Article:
BENGHAZI, Libya — From makeshift beds inside a cruise-ship-turned-hospital, wounded residents of a besieged Libyan city told Sunday of daily shelling, looting and sniping by Moammar Gadhafi's forces and called for the end of the Libyan ruler's 42-year reign.

The ship, carrying hundreds from Misrata to Turkey for care, made a brief stop in Benghazi, where rebel youth gathered on the dock to welcome them and seek news from an embattled city that has been largely cut off from the world for weeks.

Dozens of men, many nursing gunshot wounds and missing limbs, lay on thin mats in the ship's hull, speaking of brutal government attacks and young rebels struggling to fend them off.

Mohammed Abu Libous, 37, said he and seven relatives were working in a bakery on the outskirts of Misrata, rebel forces' last major stronghold in western Libya, when about 20 Gadhafi troops entered in three tanks and started harassing local residents.

They entered his shop and told him and his brother to surrender their weapons. When they said they had none, the troops took them out in the street. They shot his brother through the stomach and him once in each thigh, he said.

"While I was on the ground bleeding, they bound the others and took them away," he said, adding that the troops stole all their money, cell phones and rings.

While the eastern half of Libya fell quickly under rebel control, Misrata, 125 miles (200 kilometers) southeast of the capital Tripoli, was one of two western cities that rose up early in the revolt against Gadhafi. His elite forces besieged Misrata for weeks, cutting off food and water supplies and power lines, but the rebels have stood their ground.

The regime has retaken the other city, Zawiya.

Ali Davutoglu, the Turkish consul general in Benghazi, said the ship Ankara had brought 230 passengers from Misrata and was picking up another 100 from Benghazi before sailing to the Turkish port of Cesme, where hospitals were preparing to welcome them.

The Turkish government funded the trip, and the Turkish Red Crescent and Islamic aid group IHH provided staff and supplies, he said. Twelve Turkish jets and a frigate provided protection as the ferry docked at Misrata on Saturday, the Turkish Foreign Ministry said in a statement.

A few hundred young men gathered on the dock, cheering, chanting and raising their arms and rifles as two tugboats guided the Ankara to port.

Passengers — some with limbs in casts and bandages — appeared on the top deck, waving to the crowd below, which chanted, "The martyrs' blood is not spilled in vain!"

Inside, doctors and nurses tended to the wounded in what was once a cruise ship. In one room, a bar had been converted into a pharmacy, with bandages and medicines where bottles and glasses once were. A nurse in a sanitary mask manned the reception desk.

Nearby, a dozen men in their 20s lounged on couches that likely once held tourists. Most had at least one limb in a cast, and all said they had been wounded defending their city.

"It was my first time holding a gun," said Ibrahim Khelif, 25, whose left leg had been shattered by a hand grenade. "Anyone who could get one and figure out how to work it would go out in the street and fight."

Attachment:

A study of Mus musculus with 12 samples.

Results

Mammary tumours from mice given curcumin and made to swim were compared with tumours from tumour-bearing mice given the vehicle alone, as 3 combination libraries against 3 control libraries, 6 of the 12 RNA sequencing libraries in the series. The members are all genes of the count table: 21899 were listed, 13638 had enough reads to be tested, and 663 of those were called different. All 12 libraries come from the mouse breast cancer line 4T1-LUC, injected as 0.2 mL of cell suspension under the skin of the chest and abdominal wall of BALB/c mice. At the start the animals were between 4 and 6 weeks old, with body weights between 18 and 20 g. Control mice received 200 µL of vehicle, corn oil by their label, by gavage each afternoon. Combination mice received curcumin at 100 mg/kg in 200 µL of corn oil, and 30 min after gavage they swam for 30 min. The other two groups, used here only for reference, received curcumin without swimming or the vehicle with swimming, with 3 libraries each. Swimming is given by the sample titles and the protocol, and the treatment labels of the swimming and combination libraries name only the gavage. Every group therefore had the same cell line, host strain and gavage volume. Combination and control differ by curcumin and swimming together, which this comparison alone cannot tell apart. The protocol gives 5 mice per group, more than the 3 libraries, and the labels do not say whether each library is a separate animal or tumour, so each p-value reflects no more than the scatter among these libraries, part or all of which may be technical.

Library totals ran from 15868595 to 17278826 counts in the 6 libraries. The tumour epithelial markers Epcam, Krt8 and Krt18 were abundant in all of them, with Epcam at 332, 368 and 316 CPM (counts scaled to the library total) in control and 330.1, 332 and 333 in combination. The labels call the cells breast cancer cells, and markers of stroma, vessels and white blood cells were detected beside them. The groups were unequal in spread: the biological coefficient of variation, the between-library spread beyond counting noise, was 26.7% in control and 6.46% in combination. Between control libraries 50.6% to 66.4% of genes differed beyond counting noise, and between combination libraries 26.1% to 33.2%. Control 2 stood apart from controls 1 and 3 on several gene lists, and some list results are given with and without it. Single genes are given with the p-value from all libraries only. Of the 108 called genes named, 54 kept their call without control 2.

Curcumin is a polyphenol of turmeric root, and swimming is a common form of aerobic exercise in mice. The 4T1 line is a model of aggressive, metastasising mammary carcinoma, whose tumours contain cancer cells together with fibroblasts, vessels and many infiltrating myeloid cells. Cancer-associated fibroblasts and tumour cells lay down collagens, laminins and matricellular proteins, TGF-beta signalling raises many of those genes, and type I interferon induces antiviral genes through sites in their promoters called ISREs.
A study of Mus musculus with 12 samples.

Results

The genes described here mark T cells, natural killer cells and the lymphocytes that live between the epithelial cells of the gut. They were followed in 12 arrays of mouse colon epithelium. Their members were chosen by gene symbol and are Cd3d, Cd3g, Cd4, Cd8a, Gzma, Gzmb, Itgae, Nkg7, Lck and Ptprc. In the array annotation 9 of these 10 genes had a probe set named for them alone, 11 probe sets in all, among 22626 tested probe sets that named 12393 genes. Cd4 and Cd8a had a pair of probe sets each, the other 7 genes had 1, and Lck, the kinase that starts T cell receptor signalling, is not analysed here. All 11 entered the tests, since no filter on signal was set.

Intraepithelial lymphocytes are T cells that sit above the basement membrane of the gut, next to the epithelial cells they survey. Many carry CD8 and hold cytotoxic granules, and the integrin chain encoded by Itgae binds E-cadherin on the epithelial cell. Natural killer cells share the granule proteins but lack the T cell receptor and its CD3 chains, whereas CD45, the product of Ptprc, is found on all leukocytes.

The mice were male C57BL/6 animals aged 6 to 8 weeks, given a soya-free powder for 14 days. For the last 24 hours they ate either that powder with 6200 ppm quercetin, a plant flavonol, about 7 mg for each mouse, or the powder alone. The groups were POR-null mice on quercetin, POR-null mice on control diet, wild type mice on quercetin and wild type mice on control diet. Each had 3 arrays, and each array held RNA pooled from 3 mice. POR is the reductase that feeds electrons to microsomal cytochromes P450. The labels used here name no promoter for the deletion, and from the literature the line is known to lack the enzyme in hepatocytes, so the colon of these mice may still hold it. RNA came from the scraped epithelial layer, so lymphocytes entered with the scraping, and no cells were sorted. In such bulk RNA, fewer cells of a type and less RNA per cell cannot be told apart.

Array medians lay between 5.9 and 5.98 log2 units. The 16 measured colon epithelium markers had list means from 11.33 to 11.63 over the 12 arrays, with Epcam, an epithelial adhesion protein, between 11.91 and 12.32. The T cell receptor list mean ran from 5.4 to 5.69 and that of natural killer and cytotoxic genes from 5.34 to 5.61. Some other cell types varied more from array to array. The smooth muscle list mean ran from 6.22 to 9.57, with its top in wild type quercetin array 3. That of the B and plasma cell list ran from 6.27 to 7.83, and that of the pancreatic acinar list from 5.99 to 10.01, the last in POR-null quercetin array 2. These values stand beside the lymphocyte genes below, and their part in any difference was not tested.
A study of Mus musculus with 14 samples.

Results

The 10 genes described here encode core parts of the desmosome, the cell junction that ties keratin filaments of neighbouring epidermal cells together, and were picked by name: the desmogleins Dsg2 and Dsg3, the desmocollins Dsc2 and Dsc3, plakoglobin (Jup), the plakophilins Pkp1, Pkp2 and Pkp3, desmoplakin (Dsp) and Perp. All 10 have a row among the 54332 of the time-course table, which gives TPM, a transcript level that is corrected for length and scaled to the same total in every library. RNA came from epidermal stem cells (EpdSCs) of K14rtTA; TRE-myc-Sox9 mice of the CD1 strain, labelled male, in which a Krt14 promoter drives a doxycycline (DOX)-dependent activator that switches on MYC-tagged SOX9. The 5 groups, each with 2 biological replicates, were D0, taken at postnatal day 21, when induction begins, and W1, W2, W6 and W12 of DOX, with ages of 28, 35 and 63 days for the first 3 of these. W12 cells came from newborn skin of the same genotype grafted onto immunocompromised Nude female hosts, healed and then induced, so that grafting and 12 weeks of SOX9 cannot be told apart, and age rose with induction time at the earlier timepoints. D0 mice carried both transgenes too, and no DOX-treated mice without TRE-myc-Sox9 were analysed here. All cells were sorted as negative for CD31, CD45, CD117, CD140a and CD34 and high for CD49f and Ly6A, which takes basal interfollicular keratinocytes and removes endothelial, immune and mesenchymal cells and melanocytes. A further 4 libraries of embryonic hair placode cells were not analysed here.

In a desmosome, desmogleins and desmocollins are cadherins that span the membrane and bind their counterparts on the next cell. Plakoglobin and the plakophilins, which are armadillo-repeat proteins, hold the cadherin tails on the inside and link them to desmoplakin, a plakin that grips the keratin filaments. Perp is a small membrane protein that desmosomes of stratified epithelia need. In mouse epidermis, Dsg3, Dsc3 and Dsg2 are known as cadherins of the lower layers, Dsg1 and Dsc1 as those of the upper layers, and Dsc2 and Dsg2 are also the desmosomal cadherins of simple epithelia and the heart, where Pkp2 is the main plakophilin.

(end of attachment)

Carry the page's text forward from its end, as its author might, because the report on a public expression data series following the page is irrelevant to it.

On a bed in a sleeper cabin, a Turkish doctor was changing the bandages on the stump where Mohammed Bashir's left leg once was.

Bashir, a 41-year-old prosecutor, said Gadhafi's forces shelled the city from three sides with tank rounds and mortars. Then snipers in civilian clothing deployed on rooftops in the downtown area where he lives with his wife and three children.

"They shoot at anyone who goes out, even those with children," he said.

So he moved his family to his in-laws' house elsewhere, he said, where they were sitting on March 25 when a large blast outside that he guessed was a mortar shattered the building's windows.

The neighbors gathered at the blast site and two other mortars fell nearby. He was dashing behind the building, he said, when one fell near him.He passed out. The next day, his left leg was gone.

He wanted the international community to intervene and oust Gadhafi.

"The world has said he is no longer a legitimate ruler," he said. "Now it needs to come get rid of him."

Of the popular uprisings across the Arab world inspired by those in Tunisia and Egypt, Libya's has been the most violent. Gadhafi's forces were poised to overwhelm rebel forces before a campaign of international airstrikes began March 19.

While Gadhafi quickly quashed demonstrations in the capital city Tripoli, residents of many other cities armed themselves to fight off his well armed militias.

Rebels now hold much of the country's east, where they have created a provisional government in Benghazi and are working to improve training and coordination of their forces to pursue Gadhafi's ouster by force of arms.

A hospital official still in Misrata said by telephone that two of his cousins were aboard the ship. They and many other men were shot in the legs with "bullets that destroy the bones" after Gadhafi's forces interrogated them, he said.

"They have to remove their legs," said the official, who spoke on condition of anonymity for fear of reprisals.

As he spoke, he said heavy shelling renewed on Sunday evening, with anti-tank fire, mortars and tank shells crashing around the city center for over an hour. He said it was too dangerous to dispatch medics to see if there were any wounded.

Misrata officials have said in recent days that Gadhafi's troops also were trying to shell and destroy the city's port to take away the rebels' last lifeline to the outside world.